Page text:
7 of Best Learning Apps for ELL Students
Surprisingly, nearly two-thirds of all ELL students were born and raised in the United States, while the other third are recent immigrants. In 2017, 24% of 5- to 17-year-olds in the United States spoke a language other than the English language at home. This situation creates a significant disadvantage for these students at school. Far too often, ELL students drop out of school.
The use of different approaches to teaching English demonstrates that educators do not agree about which method is most effective to address the needs of both the language learner and the school. Regardless of the teacher’s personal ideology about an official national language, teachers must be aware that it is not the learner’s goal, and should not be the school’s goal, to replace the native tongue with English.
As a result of the Lau v. Nichols case in 1974, the U.S. Office of Civil Rights created a series of guidelines for schools to follow with respect to linguistic diversity. The “Lau Remedies,” as they were called, required that all ELL students should be taught core academic subjects in their home language until their proficiency in English allowed them to benefit from instruction in English fully.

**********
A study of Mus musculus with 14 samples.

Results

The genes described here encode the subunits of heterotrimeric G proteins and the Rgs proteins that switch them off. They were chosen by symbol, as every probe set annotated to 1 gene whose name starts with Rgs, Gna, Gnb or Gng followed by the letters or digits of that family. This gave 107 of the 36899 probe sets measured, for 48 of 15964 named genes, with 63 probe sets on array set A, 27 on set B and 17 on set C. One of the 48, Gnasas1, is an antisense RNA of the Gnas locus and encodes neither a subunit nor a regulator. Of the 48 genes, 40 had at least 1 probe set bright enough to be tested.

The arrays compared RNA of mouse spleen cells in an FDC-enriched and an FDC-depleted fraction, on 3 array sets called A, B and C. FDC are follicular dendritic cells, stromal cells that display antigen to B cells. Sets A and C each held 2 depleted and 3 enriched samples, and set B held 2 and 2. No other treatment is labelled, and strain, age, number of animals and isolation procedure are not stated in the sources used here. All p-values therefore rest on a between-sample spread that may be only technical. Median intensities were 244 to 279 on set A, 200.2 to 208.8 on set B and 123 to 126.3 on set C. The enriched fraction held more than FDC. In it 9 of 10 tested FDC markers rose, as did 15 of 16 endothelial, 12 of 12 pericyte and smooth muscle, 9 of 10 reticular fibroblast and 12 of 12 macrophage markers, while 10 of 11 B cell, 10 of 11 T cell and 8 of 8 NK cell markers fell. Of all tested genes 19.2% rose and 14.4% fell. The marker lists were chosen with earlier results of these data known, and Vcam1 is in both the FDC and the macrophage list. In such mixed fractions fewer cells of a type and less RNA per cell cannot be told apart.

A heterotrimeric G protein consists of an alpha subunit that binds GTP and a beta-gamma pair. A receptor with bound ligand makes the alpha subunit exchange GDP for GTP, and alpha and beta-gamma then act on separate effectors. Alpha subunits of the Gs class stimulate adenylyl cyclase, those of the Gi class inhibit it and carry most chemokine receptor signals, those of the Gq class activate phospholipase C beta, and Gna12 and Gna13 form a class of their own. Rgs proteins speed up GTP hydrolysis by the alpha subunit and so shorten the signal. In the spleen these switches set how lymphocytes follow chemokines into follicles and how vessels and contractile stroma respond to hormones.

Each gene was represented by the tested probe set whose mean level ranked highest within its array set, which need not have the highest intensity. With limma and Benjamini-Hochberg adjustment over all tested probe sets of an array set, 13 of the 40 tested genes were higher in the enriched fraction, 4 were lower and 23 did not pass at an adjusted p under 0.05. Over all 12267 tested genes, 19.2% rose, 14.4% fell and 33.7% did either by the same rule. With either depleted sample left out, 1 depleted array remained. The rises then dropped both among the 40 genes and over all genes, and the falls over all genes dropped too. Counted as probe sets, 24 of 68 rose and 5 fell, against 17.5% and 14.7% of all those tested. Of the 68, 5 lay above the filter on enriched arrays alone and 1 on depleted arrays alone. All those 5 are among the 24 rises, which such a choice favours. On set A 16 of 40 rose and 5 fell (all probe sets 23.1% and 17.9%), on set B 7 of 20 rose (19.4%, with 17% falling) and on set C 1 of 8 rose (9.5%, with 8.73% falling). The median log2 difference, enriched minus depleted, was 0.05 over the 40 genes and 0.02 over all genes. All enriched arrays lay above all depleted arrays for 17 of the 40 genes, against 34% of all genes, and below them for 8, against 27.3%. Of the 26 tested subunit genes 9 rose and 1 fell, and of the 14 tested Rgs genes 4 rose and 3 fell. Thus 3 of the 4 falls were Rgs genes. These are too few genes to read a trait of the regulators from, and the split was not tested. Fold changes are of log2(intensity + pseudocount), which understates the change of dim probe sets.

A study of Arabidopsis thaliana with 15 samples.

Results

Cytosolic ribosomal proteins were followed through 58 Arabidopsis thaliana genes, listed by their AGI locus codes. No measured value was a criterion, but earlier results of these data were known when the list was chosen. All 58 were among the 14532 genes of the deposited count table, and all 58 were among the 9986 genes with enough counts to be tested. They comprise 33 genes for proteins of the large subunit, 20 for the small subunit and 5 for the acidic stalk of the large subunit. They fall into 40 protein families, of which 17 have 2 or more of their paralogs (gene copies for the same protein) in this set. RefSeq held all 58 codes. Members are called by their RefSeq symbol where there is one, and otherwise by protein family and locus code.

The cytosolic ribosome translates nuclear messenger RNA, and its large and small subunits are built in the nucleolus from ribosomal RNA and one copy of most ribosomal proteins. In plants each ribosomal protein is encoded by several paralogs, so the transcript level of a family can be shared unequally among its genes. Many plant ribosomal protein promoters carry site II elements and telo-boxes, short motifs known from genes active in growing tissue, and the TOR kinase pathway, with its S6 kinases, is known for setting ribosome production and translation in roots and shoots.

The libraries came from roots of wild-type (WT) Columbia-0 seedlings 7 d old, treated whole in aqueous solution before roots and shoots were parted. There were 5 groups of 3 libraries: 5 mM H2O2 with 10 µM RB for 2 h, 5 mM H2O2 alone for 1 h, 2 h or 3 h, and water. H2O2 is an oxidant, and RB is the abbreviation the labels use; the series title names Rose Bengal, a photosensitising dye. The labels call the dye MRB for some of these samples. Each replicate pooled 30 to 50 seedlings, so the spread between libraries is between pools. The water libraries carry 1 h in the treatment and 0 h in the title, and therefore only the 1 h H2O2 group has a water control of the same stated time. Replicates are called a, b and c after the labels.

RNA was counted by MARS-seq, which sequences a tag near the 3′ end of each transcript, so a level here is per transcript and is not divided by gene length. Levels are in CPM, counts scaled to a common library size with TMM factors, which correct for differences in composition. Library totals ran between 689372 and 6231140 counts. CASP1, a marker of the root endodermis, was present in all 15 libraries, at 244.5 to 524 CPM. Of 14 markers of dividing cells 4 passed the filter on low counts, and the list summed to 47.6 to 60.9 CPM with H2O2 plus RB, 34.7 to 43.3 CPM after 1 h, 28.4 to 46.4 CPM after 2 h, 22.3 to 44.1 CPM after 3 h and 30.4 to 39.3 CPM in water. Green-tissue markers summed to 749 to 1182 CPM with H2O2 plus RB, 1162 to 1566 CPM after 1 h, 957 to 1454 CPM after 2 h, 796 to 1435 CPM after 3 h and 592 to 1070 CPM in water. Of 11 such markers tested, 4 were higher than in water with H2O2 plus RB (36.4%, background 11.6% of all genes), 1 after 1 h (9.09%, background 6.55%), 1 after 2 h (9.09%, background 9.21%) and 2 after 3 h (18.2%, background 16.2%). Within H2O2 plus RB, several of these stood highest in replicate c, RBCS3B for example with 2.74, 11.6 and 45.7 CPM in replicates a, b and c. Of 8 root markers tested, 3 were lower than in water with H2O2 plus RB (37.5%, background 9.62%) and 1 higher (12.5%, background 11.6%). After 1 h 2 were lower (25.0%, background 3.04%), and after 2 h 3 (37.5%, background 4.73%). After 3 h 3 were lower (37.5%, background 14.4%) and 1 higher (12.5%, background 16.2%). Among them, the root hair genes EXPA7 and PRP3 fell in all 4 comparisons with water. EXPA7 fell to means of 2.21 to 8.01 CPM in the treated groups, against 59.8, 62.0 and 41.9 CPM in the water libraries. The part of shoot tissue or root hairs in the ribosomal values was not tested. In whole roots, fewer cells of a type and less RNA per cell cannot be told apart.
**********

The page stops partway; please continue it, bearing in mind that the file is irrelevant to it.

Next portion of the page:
Thanks to the edtech explosion, there are plenty of apps that help non-English speakers learn both English and their required academic subject matter. In this article, we will list the best of them.
- English Listening and Speaking: Helps ELL students to learn English by giving them engaging stories and transcripts, along with exciting games. It can also provide students with the correct pronunciation of the text that they are reading.
- Busuu: An interesting and straightforward app, it helps students learn languages, including English. The app is supported by its 60 million users. Busuu is interactive and provides personalized instruction.
- Lingual.ly: Students learn a new language simply by playing games. It comes with a dictionary that you can access on the go.
- English LaunchPad: Allows teachers to monitor their students’ progress, and assess individual or group progress. Students can practice exercises and receive live help if they need it.
- Culips ESL Podcast: Provides students with podcasts on various tops, from language acquisition to general issues. The podcast can be delivered in whatever language you desire.
- SpeakingPal English Tutor: With this interactive app, students can practice or dialog with a virtual character. It contains hundreds of modules. It also has speech and severallanguage recognition and gives instant feedback to the user.
- Voxy: This app offers personalized language instruction. Students practice English with native speakers or through a series of games.
I hope this brief guide to bilingual education apps has helped you understand what edtech has to offer our non-native English speaking children in this country. Which app, if any, do you think works best for a student’s English fluency and academic performance? Feel free to leave a comment with your thoughts.